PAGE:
Netflix deal will lead to more Canadian content, heritage minister says

Heritage Minister Mélanie Joly says the commitment from Netflix that was announced this week will lead to the creation of more Canadian content - and will support Canadian jobs.

Critics question whether streaming giant getting preferential treatment

Canadian Heritage Minister Mélanie Joly outlines the Liberal government's vision for cultural and creative industries in a digital world in Ottawa on Thursday. (Adrian Wyld/Canadian Press)

Heritage Minister Mélanie Joly is shedding some light on what Canadians can expect from the government's agreement with Netflix, amid criticism about a lack of details in the new creative sector policy she introduced this week.

The government's creative strategy, announced Thursday, broadly aims to support Canadian culture and includes plans to beef up Ottawa's contribution to the Canadian Media Fund, invest in local news and assist artists, musicians, writers and other creators in a changing digital landscape.

The plan also includes an agreement with streaming company Netflix to spend at least $500 million over five years on Canadian productions.

One of the questions that remained after Thursday's announcement that Netflix would open a Canadian production company was whether the $500 million would go to creating Canadian content as defined by Cancon rules, or just to producing content in this country, such as when an American crew shoots in a Canadian location. The former would require employing Canadians in key artistic and production roles.

While simply producing programs in Canada doesn't appear to be off the table, the idea is to employ Canadians, Joly told CBC Radio's The House.

"There's no need for Netflix to open a Canadian production company in Canada just to do service production," Joly said, using the industry term for foreign producers using Canada as a shooting location.

The Liberal government's vision for Canadian content and cultural industries in the digital world goes through a big dose of Netflix. But how will that work? We sit down with Heritage Minister Mélanie Joly to talk about her strategy. 13:59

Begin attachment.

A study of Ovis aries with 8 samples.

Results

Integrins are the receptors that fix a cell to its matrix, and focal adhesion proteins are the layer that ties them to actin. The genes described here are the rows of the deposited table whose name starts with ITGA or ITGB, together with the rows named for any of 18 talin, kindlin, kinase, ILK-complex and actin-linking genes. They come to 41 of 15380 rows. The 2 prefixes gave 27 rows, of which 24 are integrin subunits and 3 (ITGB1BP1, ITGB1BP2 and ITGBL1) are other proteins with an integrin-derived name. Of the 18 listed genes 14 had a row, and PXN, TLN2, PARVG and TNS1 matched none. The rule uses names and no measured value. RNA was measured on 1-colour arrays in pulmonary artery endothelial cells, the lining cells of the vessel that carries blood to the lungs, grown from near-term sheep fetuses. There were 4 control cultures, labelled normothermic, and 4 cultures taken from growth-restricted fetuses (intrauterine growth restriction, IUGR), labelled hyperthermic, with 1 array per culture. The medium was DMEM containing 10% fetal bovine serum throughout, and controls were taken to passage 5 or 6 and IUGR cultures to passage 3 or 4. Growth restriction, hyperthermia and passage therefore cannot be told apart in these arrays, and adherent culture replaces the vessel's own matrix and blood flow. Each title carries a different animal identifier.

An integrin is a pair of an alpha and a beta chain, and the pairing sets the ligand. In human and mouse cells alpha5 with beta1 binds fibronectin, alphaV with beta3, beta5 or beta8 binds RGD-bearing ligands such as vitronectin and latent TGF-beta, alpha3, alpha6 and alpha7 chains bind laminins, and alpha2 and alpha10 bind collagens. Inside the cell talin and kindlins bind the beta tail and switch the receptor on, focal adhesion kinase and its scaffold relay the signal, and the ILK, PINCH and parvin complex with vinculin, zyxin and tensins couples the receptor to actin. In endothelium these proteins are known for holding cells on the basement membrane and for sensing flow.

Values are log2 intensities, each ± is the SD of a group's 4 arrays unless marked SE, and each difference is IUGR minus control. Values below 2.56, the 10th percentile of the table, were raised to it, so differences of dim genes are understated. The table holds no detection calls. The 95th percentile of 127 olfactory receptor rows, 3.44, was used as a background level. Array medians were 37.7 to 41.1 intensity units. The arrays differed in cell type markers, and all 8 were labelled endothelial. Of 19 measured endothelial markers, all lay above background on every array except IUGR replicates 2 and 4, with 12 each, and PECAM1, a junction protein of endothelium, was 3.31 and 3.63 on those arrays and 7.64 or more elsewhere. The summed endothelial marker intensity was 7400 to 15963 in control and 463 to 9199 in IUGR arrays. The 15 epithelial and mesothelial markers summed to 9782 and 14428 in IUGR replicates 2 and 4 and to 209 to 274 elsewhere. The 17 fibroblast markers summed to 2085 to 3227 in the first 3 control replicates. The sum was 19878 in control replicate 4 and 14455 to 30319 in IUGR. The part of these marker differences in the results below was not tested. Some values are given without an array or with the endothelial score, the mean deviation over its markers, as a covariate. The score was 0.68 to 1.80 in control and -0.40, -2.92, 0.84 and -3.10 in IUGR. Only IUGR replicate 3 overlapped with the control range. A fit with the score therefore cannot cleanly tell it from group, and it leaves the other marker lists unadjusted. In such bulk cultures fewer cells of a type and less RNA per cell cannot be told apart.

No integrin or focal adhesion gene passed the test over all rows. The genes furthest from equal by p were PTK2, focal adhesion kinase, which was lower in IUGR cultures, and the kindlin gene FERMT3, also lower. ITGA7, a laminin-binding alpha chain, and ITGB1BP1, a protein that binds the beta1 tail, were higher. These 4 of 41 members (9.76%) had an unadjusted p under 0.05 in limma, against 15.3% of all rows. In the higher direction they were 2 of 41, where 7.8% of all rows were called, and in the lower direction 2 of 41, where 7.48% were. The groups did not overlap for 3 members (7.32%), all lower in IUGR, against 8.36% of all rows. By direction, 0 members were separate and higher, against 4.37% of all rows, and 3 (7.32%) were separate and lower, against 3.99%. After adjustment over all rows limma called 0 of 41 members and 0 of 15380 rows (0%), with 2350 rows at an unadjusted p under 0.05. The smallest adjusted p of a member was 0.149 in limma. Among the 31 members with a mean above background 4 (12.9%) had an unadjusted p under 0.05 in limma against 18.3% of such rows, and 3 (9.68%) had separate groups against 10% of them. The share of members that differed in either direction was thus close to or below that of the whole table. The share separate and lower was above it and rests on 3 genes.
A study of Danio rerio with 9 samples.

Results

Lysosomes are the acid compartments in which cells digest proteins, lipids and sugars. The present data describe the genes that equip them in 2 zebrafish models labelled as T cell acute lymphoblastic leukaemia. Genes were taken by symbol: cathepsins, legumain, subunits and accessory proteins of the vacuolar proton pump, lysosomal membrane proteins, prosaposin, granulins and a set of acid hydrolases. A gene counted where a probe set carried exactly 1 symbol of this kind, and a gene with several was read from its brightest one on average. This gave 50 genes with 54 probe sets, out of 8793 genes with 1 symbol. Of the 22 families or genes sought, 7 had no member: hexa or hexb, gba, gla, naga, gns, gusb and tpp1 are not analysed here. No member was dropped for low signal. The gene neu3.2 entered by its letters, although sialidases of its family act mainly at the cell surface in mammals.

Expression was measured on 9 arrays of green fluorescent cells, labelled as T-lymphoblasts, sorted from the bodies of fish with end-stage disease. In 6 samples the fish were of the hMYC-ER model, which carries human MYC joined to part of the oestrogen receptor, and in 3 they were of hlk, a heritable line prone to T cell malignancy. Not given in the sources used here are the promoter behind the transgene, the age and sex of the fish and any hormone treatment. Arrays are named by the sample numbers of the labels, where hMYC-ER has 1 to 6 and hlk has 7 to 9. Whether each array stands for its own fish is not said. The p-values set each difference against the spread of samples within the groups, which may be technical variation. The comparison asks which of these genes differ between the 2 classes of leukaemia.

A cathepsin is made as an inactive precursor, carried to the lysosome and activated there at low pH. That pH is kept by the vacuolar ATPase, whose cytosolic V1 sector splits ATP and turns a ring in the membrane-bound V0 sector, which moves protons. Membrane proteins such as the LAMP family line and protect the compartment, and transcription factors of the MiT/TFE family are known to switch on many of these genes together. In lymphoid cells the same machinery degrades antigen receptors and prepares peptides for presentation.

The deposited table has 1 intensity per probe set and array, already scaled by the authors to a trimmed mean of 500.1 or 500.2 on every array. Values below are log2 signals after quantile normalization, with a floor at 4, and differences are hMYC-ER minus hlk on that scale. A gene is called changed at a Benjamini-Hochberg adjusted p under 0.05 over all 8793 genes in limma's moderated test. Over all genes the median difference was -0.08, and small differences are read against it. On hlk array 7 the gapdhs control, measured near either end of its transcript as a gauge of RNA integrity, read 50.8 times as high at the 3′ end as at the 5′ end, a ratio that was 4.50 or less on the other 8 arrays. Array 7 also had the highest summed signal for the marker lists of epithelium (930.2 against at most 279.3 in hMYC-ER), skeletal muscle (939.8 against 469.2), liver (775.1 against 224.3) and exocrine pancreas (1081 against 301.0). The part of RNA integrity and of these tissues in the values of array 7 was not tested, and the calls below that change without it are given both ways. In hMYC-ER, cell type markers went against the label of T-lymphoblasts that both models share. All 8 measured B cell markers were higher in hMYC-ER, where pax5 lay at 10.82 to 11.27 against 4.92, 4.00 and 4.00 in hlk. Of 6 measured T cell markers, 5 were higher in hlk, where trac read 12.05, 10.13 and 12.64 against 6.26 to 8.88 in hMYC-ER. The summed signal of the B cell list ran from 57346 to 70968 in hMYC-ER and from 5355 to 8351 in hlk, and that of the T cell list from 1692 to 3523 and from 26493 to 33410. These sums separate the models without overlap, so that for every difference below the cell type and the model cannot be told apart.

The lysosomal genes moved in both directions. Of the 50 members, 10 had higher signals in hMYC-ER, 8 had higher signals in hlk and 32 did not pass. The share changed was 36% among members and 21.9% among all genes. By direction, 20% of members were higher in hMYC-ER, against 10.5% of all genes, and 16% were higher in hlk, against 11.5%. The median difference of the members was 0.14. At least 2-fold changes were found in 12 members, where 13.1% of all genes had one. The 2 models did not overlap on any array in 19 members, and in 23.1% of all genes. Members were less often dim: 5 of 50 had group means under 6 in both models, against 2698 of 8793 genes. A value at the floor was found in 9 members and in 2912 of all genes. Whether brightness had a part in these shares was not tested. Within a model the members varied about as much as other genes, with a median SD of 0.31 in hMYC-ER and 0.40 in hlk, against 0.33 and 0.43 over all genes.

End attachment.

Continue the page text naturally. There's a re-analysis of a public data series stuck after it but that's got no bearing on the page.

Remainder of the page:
Netflix also can't use the money to buy content that's already been produced and aired in Canada, Joly's office said.

The company will also be finding ways to highlight Canadian content, such as creating an "award-winning Canadian films" category in its menu, her office said.

Tax advantage?

Critics of the agreement have suggested Netflix is gaining an edge over homegrown companies, since the government's strategy doesn't require the company to pay corporate tax or remit sales tax on its Canadian subscriptions.

Putting a tax on digital platforms is a tough question for Finance Minister Bill Morneau to tackle, Joly said.

"That's, quite frankly, a very complicated question," she said. "All countries in the world are asking themselves how to deal with digital platforms that are mainly American, out of Silicon Valley."

The planned Canadian Netflix operation will be the first production house run by the company outside of the United States.

Globally, Netflix plans to spend $7 billion US on productions next year.

The $500 million allocated for Canada is just a minimum, Joly noted; the company could end up spending more.

Netflix's absence from Thursday's announcement also did not go unnoticed by critics. Joly said the company will be providing more details on its plans soon.

Joly added the government is eyeing other big internet companies with which to make Canadian production agreements.

"Netflix has much more invested in production than any other platform yet … they're the leaders right now in terms of platforms," she said.

"Facebook has said they want to do that. Amazon is right now trying to do that. And so that's why we want to have those discussions."

David Cochrane puts that question to Heritage Minister Mélanie Joly 9:53

Comments

To encourage thoughtful and respectful conversations, first and last names will appear with each submission to CBC/Radio-Canada's online communities (except in children and youth-oriented communities). Pseudonyms will no longer be permitted.

By submitting a comment, you accept that CBC has the right to reproduce and publish that comment in whole or in part, in any manner CBC chooses. Please note that CBC does not endorse the opinions expressed in comments. Comments on this story are moderated according to our Submission Guidelines. Comments are welcome while open. We reserve the right to close comments at any time.